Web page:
Last week, Apple and Google jointly announced a partnership to create a COVID-19 contact-tracing system that works with both iOS and Android.
During yesterday’s White House Coronavirus Task Force Hold a Press Briefing, President Trump commented on the Apple-Google COVID-19 contact-tracing tech:
A lot of people don’t like it from the standpoint of constitutional rights…
It’s an amazing thing, but a lot of people have some very big constitutional problems with it, you know that. It’s an amazing thing, and it would be – actually, as you know other other countries, are thinking about using something similar, but not as good… I hear Singapore is… [but] we have a constitutional thing…
We have more of a constitutional problem then a mechanical problem, but we will be making a determination on that. That’s something we’re gonna be discussing with a lot of people over the next four weeks. That would be a very accurate way of doing it, but a lot of people have a problem with it.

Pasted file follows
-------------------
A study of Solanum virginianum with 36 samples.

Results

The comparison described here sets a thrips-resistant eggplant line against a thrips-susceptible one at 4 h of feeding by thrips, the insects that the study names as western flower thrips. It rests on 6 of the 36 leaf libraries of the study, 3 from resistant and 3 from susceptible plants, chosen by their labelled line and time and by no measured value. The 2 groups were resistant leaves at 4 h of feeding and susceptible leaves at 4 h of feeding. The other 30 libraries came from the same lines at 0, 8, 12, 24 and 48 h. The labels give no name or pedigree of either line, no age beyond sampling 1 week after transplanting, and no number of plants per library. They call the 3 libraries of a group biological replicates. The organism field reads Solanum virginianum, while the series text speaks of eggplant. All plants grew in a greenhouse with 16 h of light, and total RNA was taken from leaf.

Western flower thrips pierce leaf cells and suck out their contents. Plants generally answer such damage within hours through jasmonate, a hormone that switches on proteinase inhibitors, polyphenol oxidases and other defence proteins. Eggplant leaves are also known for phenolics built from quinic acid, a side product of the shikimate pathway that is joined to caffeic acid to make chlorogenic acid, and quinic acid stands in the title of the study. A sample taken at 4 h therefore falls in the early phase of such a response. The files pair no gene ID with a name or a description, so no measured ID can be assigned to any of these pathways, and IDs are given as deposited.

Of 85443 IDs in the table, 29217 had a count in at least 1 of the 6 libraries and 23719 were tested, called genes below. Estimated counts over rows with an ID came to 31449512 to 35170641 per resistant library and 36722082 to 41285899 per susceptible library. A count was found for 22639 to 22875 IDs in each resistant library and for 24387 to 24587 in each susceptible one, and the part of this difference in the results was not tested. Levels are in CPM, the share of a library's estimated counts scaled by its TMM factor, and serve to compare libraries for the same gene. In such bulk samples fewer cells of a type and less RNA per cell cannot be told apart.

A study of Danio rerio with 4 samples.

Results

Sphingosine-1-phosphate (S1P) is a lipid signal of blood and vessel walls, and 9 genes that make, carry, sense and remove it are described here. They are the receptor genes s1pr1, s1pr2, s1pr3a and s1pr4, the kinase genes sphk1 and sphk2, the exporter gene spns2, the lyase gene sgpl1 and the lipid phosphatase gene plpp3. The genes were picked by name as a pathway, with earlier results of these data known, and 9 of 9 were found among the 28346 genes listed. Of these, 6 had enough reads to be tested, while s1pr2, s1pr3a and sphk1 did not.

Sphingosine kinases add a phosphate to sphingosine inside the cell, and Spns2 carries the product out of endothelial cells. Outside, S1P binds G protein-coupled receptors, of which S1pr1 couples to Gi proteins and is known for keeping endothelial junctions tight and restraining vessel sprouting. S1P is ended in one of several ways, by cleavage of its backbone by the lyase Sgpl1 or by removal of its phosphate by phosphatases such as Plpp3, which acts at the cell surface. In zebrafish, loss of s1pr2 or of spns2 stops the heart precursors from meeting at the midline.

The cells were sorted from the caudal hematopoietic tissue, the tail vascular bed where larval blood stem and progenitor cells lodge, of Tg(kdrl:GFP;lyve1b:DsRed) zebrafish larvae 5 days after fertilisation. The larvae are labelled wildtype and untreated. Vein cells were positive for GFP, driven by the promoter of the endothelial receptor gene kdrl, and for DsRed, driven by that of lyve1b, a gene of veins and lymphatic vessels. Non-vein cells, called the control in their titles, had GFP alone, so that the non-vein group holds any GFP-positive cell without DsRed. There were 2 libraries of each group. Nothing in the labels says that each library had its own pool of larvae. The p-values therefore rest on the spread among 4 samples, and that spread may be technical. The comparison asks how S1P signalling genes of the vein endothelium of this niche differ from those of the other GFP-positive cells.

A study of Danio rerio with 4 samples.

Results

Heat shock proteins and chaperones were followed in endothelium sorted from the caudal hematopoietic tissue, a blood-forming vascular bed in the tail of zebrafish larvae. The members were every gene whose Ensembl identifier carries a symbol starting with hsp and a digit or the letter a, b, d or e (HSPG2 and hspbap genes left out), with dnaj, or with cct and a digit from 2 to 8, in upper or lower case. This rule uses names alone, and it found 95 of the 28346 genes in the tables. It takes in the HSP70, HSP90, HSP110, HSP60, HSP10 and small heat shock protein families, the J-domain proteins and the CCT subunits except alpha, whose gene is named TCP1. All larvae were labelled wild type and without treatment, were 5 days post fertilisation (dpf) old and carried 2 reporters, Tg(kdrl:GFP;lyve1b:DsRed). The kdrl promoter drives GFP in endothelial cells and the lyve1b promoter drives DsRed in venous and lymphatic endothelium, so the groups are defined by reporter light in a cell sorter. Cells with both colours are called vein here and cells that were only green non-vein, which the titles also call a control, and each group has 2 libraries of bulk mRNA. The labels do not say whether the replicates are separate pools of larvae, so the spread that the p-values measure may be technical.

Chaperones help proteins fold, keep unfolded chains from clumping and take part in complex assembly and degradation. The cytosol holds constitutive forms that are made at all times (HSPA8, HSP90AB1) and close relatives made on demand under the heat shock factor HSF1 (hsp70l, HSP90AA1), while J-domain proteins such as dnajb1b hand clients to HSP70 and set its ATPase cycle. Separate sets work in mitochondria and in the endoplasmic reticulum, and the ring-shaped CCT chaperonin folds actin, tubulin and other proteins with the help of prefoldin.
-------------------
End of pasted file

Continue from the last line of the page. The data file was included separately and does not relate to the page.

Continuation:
President Trump’s comments begin at the 2:51:13 mark.
MacDailyNews Take: So, the problem with any COVID-19 contact-tracing tech in the U.S. is obvious, it wouldn’t work very well unless almost everyone used it, but U.S. citizens cannot be compelled to install a tracking app. So, such an app would have to be opt-in and nobody in their right mind trusts Google, much less the U.S. government, to handle lightly anonymized tracking data or to ever turn off collection or delete the data post-vaccine, so opt-in rates for a contact-tracing app would be suboptimal, if not outright dismal, resulting in ineffective COVID-19 contact-tracing.
If the government tries to make having such an app active as a requirement for working, or even moving about freely, they’d very likely have very poor legal outcome in the United States.
Further, beyond the obvious constitutional rights issues, 18% of the U.S. population, nearly 1-in-5 people, do not even have a smartphone. So, with one of every 5th person roaming about by default, not to mention all of the opt-outs, contact-tracing via iOS and Android smartphones would be more of a feel-good security blanket than anything else.